Conflict, climate change, malnutrion, land issues, unhealthy eating habits… the challenges facing our food system globally is longer than you can count. At the EAT Asia-Pacific Food Forum in Jakarta, stakeholders from all sectors got together to discuss how the world can face these issues in order to provide a healthier food system for future generations.
Asia is a prosperous region characterized by vast natural resources, economic growth and a young population. Over the last decades, many Asians have been lifted out of poverty and joined their respective middle class. Nevertheless, many of the countries on the continent is struggling with nutritional problems. For example, the 2013 Basic Health Resarch (Riskesdas) revealed that around 37 percent of Indonesian children under 5, around 9 million people, still have problems with stunting. In Malaysia, about half of the population above 18 years old are overweight or obese. These examples illustrate that natural resource richness and poverty reduction does not necessarily eliminate nutritional problems.
At the EAT Asia-Pacific Food Forum, stakeholders discussed how they can contribute to sustainable solutions in the global food system. This discussion is highly relevant in regards to the Sustainable Development Goals, which are to be reached by 2030. The discussions at the Asia-Pacific Food Forum took place in plenary sessions and several smaller competence forums. The Royal Norwegian Embassy in Jakarta contributed to two competence forums on aquaculture and land issues, respectively. Together, these conversations underlined the complexity of enhancing the sustainability in the global food system and promoting healthy diets. It is evident that solutions require a holistic approach with cooperation between various stakeholders, different levels of government and between sovereign states on an international level. Additionally, delegates underlined that conflict has a negative impact on the global food supply, while climate change is threatening current yields. On a micro-level, educating the public on healthy diets and resilient food systems is important. These individuals can exercise pressure on the private sector through their consumer power, and convince politicians to impose appropriate policies.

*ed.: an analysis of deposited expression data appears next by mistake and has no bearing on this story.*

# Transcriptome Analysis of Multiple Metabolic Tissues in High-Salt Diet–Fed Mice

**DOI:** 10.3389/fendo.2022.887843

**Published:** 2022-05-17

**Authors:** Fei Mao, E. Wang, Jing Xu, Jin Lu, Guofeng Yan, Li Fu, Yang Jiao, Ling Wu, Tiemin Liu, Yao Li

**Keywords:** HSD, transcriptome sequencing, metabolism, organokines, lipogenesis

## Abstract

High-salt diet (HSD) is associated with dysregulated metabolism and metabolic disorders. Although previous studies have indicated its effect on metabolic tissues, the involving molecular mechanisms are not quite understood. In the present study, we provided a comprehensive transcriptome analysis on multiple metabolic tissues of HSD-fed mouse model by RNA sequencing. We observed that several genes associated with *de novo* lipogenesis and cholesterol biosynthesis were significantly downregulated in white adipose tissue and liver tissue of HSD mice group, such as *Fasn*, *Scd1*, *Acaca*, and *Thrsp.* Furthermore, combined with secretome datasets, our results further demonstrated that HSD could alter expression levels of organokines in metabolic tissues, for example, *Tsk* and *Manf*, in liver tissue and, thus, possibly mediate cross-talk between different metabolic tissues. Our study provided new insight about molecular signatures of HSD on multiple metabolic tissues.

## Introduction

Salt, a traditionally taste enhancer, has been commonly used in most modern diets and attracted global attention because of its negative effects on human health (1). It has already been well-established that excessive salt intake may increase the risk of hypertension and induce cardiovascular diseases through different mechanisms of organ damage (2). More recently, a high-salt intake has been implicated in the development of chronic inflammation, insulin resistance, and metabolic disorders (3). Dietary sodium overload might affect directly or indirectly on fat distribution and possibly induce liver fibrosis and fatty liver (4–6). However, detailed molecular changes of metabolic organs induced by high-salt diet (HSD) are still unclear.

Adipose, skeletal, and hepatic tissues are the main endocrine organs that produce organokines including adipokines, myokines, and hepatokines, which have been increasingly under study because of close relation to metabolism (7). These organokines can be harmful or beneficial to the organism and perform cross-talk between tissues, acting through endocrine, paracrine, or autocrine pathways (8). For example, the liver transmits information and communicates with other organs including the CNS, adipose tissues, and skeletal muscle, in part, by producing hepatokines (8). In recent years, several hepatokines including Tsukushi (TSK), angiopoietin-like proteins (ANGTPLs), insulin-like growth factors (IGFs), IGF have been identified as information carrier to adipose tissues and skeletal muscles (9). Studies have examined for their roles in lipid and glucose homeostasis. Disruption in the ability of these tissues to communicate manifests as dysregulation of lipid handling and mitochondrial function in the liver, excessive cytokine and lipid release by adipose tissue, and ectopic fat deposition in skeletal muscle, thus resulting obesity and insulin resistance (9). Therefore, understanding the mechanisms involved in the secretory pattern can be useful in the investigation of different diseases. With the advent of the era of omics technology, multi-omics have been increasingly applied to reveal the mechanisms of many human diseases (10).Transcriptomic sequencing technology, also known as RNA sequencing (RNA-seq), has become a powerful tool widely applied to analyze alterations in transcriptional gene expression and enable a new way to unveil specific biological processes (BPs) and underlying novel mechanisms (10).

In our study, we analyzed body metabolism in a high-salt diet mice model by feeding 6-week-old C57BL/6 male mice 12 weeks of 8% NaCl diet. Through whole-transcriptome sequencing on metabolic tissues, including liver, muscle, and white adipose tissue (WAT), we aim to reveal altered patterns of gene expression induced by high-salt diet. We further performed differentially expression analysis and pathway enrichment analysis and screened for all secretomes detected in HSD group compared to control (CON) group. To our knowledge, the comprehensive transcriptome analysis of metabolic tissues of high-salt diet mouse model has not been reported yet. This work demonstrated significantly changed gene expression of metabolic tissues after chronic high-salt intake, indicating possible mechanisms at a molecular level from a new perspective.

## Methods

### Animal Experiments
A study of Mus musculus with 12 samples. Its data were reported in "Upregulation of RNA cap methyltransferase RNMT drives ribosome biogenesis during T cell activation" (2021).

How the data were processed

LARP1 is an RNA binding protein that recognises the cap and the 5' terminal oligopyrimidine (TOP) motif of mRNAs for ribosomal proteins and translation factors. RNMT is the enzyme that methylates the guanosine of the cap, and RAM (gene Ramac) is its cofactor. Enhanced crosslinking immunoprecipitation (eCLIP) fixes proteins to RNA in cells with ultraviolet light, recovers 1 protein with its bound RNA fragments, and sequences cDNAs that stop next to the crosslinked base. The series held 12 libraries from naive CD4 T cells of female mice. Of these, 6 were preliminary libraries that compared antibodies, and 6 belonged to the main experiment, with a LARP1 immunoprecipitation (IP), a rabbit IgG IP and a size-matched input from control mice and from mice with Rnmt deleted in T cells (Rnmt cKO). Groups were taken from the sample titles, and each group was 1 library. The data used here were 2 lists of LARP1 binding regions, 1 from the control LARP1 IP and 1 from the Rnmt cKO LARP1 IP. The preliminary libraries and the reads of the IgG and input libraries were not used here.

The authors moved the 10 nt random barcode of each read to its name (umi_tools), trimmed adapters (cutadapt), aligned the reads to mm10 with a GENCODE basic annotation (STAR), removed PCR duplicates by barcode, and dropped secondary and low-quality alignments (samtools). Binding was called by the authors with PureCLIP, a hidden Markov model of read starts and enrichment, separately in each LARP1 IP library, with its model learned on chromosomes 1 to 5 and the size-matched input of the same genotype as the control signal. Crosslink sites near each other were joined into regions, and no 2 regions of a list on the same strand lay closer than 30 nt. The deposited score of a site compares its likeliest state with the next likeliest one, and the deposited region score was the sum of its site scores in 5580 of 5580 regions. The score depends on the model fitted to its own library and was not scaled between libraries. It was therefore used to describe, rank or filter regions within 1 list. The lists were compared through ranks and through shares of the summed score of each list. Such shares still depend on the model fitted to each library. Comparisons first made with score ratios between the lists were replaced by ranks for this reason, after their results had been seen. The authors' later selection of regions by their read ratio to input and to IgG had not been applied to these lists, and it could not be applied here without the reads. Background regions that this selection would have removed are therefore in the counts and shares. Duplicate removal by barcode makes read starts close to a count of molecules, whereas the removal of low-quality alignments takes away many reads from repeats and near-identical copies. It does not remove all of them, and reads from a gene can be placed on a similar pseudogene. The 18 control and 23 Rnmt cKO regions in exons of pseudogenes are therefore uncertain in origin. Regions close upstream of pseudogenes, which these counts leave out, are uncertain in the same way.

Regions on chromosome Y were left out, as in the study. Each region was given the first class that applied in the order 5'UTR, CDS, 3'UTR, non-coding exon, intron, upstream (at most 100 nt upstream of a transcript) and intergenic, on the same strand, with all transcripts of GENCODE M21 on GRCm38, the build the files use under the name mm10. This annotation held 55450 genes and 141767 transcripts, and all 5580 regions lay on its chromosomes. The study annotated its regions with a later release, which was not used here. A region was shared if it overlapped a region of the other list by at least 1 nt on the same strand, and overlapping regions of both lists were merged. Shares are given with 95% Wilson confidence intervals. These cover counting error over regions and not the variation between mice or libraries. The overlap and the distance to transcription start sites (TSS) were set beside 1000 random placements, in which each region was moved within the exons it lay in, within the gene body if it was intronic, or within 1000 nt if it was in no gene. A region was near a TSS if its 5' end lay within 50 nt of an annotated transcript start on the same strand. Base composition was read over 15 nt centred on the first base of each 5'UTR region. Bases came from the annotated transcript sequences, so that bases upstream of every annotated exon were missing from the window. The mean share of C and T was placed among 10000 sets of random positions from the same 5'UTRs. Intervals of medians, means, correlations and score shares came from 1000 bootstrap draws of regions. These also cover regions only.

The Asia-Pacific Food Forum was closed by the Foreign Minister of the Republic of Indonesia, HE Ms Retno L. P. Marsudi. She highlighted the role of developing the agricultural sector as a part of the many examples of solid South-to-South Cooperation in her speech. At the closing plenary, delegates seemed happy with the result from the many discussions in the plenaries, competence forums and in the hallways of the Shangri-La Hotel in Jakarta.
Stay tuned for the next Asia-Pacific Food Forum taking place somewhere in Asia in 2019!